Photo by Dmitry Kotov from Unsplash

Recently, an emergency team began dismantling the legendary Wayfarers Chapel after a severe California landslide. The landslide was triggered by a historic atmospheric river storm that caused extreme rainwater infiltration, significantly destabilizing the ground under the chapel. Stakeholders chose to dismantle the chapel due to structural damage, like shattering glass panes and cracks in the structure. Dismantling the building will also preserve its irreplaceable redwood, steel, and stone, with hope that the unique architectural elements can be preserved and reconstructed at a later date.

The event has caused serious distress among the Palos Verdes glass chapel’s congregation and members of preservation groups, such as the National Trust for Historic Preservation and Architectural Resources Group, both of whom supported the protection of the historic structure. This unfortunate dismantling has also caused broader environmental issues to be brought into question, with the relationship to extreme climate events at the center of the discussion. 

History and Use of Wayfarers Chapel

The Wayfarers Chapel opened in 1951, as a historic midcentury interpretation of what a church could be. The design, by Frank Lloyd Wright Jr., was based on the philosophy of Emanuel Swedenborg, who believed that humans could connect with divinity through a relationship with nature. Frank was commissioned by Elizabeth Schellenberg and Narcissa Cox Vanderlip, Swedenborg devotees who wanted to memorialize the scientist and theologian. 

Vanderlip donated the land – 1.4 hectares on Rancho Palos Verdes, intending the structure to be maintained forever. For years the project was a huge success, attracting some 500,000 visitors a year. The site also led to multiple notable weddings taking place on the Palos Verdes Peninsula, such as those of actress Jayne Mansfield and leading Beach Boy Brian Wilson. 

Sadly, those hoping for a fairytale Wayfarers Chapel wedding will have to wait until a new location is found for its reconstruction. To add some insult to injury, the structure was declared a National Historic Landmark only months before the deconstruction. 

Environmental Profile of Palos Verdes: How the Climate Impacted the Area

As we know, the deconstruction of Wayfarers Chapel was inspired by the impacts of severe landslides in the Palos Verdes area, but why were these processes so impactful to the structure? One reason is that the land beneath the chapel consists of shale and volcanic ash called bentonite, both malleable materials that destabilized rapidly. 

The peninsula has been known for having a complex, unstable geological profile for some time, prone to slow-motion landslides that commonly impact roads and building foundations. Recently, extreme weather, notably a historic river storm, increased the instability of the area’s land, with significant rainfall. The area’s Mediterranean climate was easier to predict in the past, with wetter winters and dryer summers, but climate change has made weather patterns more erratic and severe. 

Conservation Efforts & Community Response

Wayfarers Chapel means a lot to the Palos Verdes community and the broader conservationist sect of the US, meaning the deconstruction has been met with a palpable sense of sadness and disappointment. Rancho Palos Verdes Mayor John Cruikshank has stated that the city is working with leaders from the chapel to find a stable area to rebuild the preserved elements.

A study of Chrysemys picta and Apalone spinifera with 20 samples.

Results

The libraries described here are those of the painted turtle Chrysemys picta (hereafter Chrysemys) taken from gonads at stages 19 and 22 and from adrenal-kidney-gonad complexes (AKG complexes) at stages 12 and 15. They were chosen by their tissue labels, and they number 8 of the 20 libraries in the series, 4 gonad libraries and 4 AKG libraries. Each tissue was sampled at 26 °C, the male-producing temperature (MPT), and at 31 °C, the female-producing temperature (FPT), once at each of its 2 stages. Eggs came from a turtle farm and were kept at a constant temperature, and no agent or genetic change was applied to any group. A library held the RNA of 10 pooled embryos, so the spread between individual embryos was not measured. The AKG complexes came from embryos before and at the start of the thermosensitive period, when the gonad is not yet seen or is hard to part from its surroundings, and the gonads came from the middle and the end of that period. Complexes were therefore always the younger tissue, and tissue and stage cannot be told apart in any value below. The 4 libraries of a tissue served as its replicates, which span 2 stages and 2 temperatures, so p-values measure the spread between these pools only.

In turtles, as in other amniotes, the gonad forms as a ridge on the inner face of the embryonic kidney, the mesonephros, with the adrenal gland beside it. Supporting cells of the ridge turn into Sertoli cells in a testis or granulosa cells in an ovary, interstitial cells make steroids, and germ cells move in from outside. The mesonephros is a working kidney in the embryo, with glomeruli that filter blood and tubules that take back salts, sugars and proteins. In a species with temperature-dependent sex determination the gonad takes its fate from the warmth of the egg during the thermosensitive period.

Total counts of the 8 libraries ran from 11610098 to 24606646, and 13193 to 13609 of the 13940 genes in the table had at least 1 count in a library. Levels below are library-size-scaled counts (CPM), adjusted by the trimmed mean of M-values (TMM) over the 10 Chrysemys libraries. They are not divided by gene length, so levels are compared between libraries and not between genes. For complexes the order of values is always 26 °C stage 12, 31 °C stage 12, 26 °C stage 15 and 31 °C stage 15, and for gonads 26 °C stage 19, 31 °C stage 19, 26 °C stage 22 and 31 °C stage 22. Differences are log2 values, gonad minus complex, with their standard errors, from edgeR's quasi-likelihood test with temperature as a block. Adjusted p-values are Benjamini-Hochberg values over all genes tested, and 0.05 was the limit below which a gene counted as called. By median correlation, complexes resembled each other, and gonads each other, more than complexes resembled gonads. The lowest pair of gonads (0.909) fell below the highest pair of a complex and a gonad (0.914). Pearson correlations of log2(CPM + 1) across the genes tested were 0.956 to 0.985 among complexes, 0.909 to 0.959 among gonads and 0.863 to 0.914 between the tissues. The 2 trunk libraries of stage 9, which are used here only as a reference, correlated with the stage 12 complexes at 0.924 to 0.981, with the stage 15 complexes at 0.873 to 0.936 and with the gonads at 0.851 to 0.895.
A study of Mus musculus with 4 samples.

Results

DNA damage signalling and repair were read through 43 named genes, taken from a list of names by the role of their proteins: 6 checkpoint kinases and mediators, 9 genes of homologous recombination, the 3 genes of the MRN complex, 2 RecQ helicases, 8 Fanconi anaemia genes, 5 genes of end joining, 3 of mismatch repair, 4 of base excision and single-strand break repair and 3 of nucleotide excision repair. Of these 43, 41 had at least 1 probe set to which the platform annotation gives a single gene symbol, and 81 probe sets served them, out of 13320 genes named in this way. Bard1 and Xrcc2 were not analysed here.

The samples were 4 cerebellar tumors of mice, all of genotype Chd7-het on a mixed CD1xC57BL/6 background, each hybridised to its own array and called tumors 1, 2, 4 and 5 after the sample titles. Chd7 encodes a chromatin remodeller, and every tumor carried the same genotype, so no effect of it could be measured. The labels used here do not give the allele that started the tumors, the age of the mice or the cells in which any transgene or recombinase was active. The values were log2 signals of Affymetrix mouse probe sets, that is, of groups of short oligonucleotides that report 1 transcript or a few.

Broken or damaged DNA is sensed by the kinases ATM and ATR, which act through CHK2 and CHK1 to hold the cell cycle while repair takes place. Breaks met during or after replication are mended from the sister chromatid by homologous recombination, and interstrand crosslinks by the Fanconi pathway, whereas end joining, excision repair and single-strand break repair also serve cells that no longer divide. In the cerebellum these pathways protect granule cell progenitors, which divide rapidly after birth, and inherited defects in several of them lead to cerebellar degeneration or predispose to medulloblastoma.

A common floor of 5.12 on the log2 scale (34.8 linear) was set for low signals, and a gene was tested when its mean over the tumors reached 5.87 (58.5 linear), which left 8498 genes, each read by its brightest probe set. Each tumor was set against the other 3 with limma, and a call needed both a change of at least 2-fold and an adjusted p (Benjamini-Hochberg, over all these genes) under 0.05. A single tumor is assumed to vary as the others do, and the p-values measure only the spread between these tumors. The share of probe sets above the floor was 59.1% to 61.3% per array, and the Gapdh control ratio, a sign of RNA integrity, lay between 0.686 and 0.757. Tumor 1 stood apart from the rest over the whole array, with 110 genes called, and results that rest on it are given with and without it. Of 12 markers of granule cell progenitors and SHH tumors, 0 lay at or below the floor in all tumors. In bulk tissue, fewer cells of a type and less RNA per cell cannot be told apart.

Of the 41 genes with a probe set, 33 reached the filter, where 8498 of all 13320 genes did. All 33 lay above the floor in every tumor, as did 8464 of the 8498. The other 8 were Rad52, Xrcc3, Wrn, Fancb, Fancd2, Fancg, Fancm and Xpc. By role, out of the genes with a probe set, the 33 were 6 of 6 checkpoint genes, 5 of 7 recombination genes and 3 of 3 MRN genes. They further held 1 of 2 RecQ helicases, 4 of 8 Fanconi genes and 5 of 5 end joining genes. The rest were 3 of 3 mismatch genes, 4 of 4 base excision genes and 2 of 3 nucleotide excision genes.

However, this might be easier said than done. Jim Lindberg from the National Trust for Historic Preservation told The Guardian “We’re finding there’s really no place that’s not vulnerable in one way or another.” This denotes just how hard it might be to find somewhere truly stable for the Chapel to call home, especially in the Palos Verdes area. 

However, despite the outlook appearing fairly bleak, local efforts haven’t been deterred, showing just how valuable the Chapel is to the community. Chapel leaders have declared that they’ve saved over $5 million from weddings and other events that have taken place at the building, while a recent GoFundMe generated around $75,000 from concerned community members. There’s still some way to go before they reach the estimated $20 million price tag of the rebuild. 

Looking Forward

There are no signs of the Palos Verdes community giving up on the Wayfarers Chapel, with a former Nike Missile site being eyed up as a potential choice for the building’s new home. However, the entire situation does make it clear just how much support conservation efforts require, especially in the unstable climate of the 2020s. It also shows that resilient infrastructure is essential in disaster-prone areas – even those without deadly consequences. 

Successful projects, such as the global funding of Notre Dame fire restoration and the movement of a historic lighthouse in Martha’s Vineyard, show that the right level of support can have great results for at-risk cultural heritage sites. Any way you slice it, the deconstruction of Wayfarers Chapel is a sign that climate change needs to slow down. Erratic weather is starting to impact communities in more ways than we could have ever imagined, with the increased risk of disasters being something that’s already causing problems on a global scale. 

If looking to learn more about the state and consequences of climate change, Disasters Expo USA in California should be marked on your calendar. On September 5th & 6th, the Los Angeles Convention Center will host hundreds of disaster response businesses, an impressive lineup of guest speakers, and thousands of attendees. Showcases and seminars will encompass various aspects of disaster management, including sustainability efforts, conservation techniques, and much more. 

Register for tickets here and get more insights into environmental happenings by reading our blog.